Fact: A lot can go wrong when you’re on the road. Even the most organized and prepared travellers will sometimes find themselves in precarious situations. So here’s how to combat an array of common travel emergencies, from seasickness and tick bites to lost passports and missed flights.

Now arm yourself with knowledge and go forth, intrepid traveller!

Tick Bite

These little buggers are common across much of Canada and the U.S., and can be dangerous to yourself and other furry creatures (dogs, llamas, husbands, children) you might be travelling with. Check yourself thoroughly, including on your scalp, behind your ears, in your belly button, between your legs — they’re resourceful little buggers and will burrow down in the least expected crevices. And once it’s in, you don’t want to just yank it out. Use tweezers to pinch the tick as close to the surface of the skin as possible and then pull up with slow, even pressure. Then, clean the bite with water and soap or rubbing alcohol. All done, champ!

Lost Passport

On the scale of travel emergencies, this one ranks pretty high, but telling you what a dummy you are for misplacing it won’t bring it back. Instead, we’ll tell you to keep calm and know that you’re not the first. If you’re in Canada and you’ve lost your Canadian passport, you can call the government’s Passport Program at 1-800-567-6868. Canadians abroad who find themselves without their little blue book should contact the nearest embassy or consulate, which can issue temporary travel documents. If you think you were robbed, call the police, too. Once you’re back on Canadian soil, you’ve got to jump through the hoops to get a proper replacement, which takes an average of four weeks to process, but can be done much quicker if handled in person rather than by mail.


Don’t panic, because, yeah, you probably did just leave it at that Starbucks. But once you’re sure it’s missing, act quickly. Simply call your card provider — you can google the company name and “cancel card,” which should get you the right phone number — and tell them what’s up. They’ll cancel the card and make arrangements to get you a new one. Getting a replacement card may not be so simple, depending where you are. That’s why it’s a good idea to have several cards and a bit of cash that you keep separate for just such an emergency. Cash is king.


There are many ways to hurt yourself in the ocean, and getting too close to a jellyfish is one of them. If you’ve come into contact with a jelly, first off, this is going to make a great story one day, and second, a lifeguard may be able to help you out if there’s one in sight. If not, you can make a quick DIY fix. First, rinse the wound with seawater and remove any of the jellyfish you can see. Don’t scrub it with sand or a towel. Then, rinse it with vinegar for 30 seconds or apply a baking soda and water paste. A hot or cold shower may also help, as can lotion or ice packs. Oh, and FYI, the Mayo Clinic classifies the old “just pee on it” method as “unhelpful or unproven.”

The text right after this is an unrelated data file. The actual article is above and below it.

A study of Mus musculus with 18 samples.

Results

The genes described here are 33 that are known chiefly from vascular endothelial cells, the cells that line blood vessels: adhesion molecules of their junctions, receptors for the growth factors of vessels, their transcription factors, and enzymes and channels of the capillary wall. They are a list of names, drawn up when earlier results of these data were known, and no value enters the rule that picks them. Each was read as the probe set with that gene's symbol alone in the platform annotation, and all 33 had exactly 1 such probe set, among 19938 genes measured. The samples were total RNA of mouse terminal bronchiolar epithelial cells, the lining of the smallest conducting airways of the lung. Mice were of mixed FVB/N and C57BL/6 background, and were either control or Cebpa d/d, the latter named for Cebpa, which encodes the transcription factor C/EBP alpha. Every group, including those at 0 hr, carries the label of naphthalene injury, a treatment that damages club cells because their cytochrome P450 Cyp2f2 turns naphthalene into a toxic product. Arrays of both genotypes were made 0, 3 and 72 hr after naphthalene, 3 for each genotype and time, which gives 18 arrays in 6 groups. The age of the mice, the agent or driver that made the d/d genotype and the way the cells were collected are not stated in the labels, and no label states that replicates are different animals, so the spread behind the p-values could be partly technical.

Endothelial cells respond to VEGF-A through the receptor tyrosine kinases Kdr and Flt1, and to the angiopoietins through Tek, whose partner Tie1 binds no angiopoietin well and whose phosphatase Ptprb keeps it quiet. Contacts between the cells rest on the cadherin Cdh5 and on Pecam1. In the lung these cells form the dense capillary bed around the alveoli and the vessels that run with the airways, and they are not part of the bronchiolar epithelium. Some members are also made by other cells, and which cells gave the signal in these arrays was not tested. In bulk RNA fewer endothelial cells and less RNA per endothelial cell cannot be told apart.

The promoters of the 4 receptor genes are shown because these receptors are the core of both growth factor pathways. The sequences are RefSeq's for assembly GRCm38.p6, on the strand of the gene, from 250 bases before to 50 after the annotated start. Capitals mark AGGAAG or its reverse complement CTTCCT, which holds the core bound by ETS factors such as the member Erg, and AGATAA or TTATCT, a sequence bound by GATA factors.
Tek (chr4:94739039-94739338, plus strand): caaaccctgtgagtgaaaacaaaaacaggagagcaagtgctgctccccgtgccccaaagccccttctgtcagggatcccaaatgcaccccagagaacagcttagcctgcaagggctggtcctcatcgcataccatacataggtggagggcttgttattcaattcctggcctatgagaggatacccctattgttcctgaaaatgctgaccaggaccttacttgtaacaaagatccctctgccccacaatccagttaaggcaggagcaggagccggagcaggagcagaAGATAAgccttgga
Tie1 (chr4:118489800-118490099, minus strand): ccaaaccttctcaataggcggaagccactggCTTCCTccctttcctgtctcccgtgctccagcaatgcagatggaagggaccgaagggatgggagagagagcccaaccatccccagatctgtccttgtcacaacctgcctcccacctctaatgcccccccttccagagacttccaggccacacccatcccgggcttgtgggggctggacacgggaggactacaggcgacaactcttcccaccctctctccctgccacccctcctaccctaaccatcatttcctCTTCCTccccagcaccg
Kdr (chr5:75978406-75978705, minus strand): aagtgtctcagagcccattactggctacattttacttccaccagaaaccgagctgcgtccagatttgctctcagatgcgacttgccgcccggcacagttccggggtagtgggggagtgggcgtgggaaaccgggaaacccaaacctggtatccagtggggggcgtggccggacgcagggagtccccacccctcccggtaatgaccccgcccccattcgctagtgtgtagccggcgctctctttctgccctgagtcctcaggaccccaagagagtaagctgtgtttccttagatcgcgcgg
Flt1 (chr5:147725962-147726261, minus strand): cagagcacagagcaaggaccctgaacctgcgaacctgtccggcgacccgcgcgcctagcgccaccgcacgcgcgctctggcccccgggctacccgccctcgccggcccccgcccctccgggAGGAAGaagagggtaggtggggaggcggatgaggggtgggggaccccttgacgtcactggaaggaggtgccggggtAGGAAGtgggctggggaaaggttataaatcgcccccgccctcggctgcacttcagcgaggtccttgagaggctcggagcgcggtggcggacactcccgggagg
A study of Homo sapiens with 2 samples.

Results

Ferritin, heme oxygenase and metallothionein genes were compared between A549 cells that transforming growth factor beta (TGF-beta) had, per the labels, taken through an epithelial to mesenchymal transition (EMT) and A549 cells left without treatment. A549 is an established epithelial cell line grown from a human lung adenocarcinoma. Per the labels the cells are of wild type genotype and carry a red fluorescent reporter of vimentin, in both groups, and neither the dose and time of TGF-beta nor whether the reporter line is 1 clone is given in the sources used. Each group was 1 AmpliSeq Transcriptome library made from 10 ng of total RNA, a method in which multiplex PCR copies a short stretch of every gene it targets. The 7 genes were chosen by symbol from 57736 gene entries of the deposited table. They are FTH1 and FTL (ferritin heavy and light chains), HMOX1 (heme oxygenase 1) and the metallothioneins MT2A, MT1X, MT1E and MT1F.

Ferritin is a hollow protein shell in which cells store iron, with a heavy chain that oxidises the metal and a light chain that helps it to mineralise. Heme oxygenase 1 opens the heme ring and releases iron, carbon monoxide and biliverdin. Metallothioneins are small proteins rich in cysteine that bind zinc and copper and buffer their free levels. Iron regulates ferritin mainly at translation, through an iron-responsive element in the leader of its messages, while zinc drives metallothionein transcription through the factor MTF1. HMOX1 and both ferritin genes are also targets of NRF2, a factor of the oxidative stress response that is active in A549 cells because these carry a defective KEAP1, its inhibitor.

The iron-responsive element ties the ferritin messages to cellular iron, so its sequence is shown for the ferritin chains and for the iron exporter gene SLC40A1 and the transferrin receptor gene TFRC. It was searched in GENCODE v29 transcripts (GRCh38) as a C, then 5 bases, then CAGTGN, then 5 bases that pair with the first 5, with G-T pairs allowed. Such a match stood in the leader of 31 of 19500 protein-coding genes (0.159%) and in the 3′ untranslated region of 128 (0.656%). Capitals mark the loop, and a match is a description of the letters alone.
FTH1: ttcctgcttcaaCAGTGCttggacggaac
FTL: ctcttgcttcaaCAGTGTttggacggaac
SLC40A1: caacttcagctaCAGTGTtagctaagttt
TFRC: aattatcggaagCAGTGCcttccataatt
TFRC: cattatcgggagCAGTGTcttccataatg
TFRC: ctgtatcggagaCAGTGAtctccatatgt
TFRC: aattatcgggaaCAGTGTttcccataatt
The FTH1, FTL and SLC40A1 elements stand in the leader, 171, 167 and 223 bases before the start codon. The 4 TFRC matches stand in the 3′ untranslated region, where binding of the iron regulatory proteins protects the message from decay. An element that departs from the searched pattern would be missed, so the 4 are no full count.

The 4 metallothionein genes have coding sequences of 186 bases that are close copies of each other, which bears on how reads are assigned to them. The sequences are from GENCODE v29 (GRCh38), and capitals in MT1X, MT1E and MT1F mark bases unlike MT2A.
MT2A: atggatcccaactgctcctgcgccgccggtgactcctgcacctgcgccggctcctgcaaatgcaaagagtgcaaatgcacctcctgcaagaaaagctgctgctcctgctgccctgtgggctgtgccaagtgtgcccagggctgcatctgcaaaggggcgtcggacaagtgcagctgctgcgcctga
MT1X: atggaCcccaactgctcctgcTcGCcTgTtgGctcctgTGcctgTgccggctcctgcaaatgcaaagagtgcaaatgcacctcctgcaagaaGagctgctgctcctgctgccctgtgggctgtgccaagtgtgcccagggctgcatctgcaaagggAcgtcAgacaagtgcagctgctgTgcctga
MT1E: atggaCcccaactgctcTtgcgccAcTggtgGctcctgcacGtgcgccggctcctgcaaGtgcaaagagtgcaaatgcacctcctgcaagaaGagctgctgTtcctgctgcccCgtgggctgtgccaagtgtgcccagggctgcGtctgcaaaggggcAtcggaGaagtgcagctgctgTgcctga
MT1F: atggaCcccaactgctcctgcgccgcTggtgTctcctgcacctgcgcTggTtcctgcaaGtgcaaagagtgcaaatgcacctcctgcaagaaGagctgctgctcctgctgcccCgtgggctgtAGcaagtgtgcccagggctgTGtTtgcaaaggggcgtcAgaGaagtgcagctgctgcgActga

Missed Flight

Head straight to your airline’s ticketing desk and speak to someone in person — airlines differ, but many will be able to squeeze you on the next flight at no extra charge, so long as you were at the airport within two hours of your flight. It doesn’t hurt to pull out your best manners here, no matter how stressed out you feel. On the bright side, you did just get a longer vacation, right? Don’t forget about any continuing flights that this may cause problems for, and get in touch with those airlines too.


It’s not the end of the world, but ingesting unfriendly or unfamiliar bacteria can definitely ruin a day, or longer, and it may be prudent to see a doctor. Treatments can range from waiting it out and taking some Pepto Bismol to antibiotics, but remember to stay hydrated no matter what. You can make your own rehydrating solution with a bit of salt, sugar and baking soda added to water.


First of all, always keep your baggage claim ticket somewhere safe, because if and when your luggage doesn’t show up on the carousel, you’re going to want it. Head to your airline’s baggage counter and be prepared to fill out some forums to reclaim your belongings. We always pack a spare set of clothes in our carry on, because it can take days to reunite with your bags. You only need to learn that lesson once.


Guarantee you won’t care how luxurious your suite is if the movement of the cruise ship has you running to the bathroom every 15 minutes. Seasickness is real and it sucks. There are some natural solutions you can try, like sitting at the front of the boat or behind the wheel if that’s an option, eating dry crackers and lying down with your eyes closed, but for many, that won’t cut it. Your next best bet is an antiemetic like Dramamine — it can work wonders.